More On Legal & Compliancefrom The Advisor's Professional Library
- Risk-Based Oversight of Investment Advisors Even if the SEC had a larger budget and more resources, it is doubtful that the Commission would have the resources to regularly examine all RIAs. Therefore, the SEC is likely to continue relying on risk-based oversight to fulfill its mission of protecting investors.
- How to Avoid Sabotaging Your Compliance Exam There is much more to compliance examination survival than knowing all of the rules. It helps to understand why the rules were put in placeand to recognize that examiners are not the enemy.
In the first post in our seven-part blog series on practice management, we covered the definition of the term “practice management,” aiming to make it a more understandable principle that you can apply towards all aspects of your business. In this, the second installment, we’re taking the next logical steps: Assessing your practice and, armed with that knowledge, setting appropriate goals.
Effectively Assess Your Practice
Just as you wouldn’t organize a road trip without looking at a map, you can’t start implementing a strong practice management initiative without an effective assessment of the current state of your practice. Taking a thorough look at where your business is today will provide an invaluable view of strengths, weaknesses, possibilities for growth and potential future vulnerabilities. While a thorough assessment is certain to take time, keep in mind that in the long run, it’s one of the most important things you can do to ensure a healthy future for your practice and an essential way to take on both problem solving and the development of new ideas.
As for how to assess your practice there are two ways to go about the process: From the top down, from the bottom up, or you can do both (so technically there is a third way). The way you choose to make your assessment will depend on the nature of your practice and your personal approach, but consider these points to help clarify which method is right for you.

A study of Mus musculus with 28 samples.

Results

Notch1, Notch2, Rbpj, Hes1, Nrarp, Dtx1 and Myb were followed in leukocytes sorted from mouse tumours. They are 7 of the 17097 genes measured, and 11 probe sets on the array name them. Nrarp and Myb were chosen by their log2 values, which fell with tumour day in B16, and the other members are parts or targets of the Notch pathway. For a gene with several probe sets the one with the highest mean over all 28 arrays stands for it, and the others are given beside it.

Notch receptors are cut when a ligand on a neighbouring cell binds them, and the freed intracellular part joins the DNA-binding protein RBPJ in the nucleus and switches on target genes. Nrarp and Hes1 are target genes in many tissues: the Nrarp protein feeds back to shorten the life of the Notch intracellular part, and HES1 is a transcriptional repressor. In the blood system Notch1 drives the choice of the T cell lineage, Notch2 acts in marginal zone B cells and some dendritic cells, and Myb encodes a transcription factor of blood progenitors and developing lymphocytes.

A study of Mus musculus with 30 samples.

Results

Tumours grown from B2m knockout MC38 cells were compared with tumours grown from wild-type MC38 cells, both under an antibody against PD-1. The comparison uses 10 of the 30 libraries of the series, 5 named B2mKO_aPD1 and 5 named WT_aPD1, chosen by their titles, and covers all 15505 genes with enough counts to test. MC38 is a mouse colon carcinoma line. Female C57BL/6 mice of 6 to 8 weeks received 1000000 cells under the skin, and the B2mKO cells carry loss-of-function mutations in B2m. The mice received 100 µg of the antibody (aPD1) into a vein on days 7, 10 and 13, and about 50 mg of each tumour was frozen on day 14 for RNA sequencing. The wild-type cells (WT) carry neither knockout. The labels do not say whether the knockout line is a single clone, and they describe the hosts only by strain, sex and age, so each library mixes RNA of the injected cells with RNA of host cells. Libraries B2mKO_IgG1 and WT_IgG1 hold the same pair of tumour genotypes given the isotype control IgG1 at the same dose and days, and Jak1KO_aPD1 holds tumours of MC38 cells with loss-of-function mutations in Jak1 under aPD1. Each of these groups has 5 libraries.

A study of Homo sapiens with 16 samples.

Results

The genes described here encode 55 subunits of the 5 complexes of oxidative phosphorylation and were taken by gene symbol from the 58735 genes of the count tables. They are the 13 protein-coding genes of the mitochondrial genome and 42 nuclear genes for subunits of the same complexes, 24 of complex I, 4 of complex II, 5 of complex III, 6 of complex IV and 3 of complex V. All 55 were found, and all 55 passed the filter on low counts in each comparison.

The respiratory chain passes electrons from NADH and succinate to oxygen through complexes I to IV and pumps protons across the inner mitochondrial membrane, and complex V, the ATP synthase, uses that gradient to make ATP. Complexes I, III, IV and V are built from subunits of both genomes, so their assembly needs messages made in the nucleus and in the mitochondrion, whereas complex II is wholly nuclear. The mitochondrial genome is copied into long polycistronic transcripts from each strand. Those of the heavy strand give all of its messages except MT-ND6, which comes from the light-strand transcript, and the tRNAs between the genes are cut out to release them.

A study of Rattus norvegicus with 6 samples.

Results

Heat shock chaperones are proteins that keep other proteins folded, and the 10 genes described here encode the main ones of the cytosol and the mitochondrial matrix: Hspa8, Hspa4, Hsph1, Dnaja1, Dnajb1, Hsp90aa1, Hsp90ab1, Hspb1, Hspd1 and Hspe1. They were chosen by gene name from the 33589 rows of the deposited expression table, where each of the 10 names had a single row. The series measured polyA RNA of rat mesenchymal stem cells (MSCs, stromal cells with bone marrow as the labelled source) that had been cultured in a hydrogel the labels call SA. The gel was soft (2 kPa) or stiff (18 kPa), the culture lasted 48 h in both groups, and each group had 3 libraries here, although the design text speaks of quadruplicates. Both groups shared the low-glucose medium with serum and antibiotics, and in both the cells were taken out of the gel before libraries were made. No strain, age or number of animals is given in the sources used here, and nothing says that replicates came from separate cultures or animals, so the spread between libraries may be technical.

1) Assess from the top down. Consider this the more qualitative of the two approaches. The process starts with asking the key people in the practice, “What matters to you?” By getting a clear picture of the goals and what matters most, you’re giving yourself—and everyone involved in the assessment—a touchstone, something that can act as a guiding principle throughout the process. If one of the goals is to be able to be out of the office by 4:00 p.m., rather than burning the midnight oil on a regular basis, assess why that’s not happening now. If the goal is to grow by 20% in a given time period, assess whether your practice is on a course that makes that a possibility, with things working as they are now.
Naturally, there will be a number of goals and aspirations; combine them all to build out a larger picture of what you want your practice to look like and start the assessment to see where you’re hitting, missing, staying on track and/or veering off it.
2) Assess from the bottom up. This approach is the more quantitative of the two. The first step in the process is taking a hard, honest look at the key characteristics of your practice, and benchmarking them against the industry standards. This will give you an idea of where you’re setting a good pace and where you’re lagging behind. The groundwork that you do to collect information in this method will tell you a lot in and of itself, and can help you be better aware of all the minute details that affect how your practice operates. Then, as you compare against industry standards for issues like efficiency and financial metrics, you’ll be able to quickly ascertain where goals lie. And in looking at the industry standards, consider them just that: standard. If you think that your practice is able to excel in a particular area, beyond the average levels, that should be included in your assessment.
3) Talk to your clients. Another important aspect of assessing your practice is soliciting
Naturally, you’re not held to making a decision between only one of these methods or the other: they can both be part of your plan. Whether you use them together or separately, they’re the stepping stones you need to start establishing goals for your practice. Once you’ve made your assessment and have started to extract goals from that information, it’s important that you remember that your goals should be S.M.A.R.T.:
* Realistic * Time-bound
Making sure that your goals fit these criteria will make it easier to develop a concrete plan for pursuing them, rather than leaving them simply as “goals.” For many advisors, taking the step from idea to action is the most exciting, but there are important considerations that need to be made so that you achieve your goals.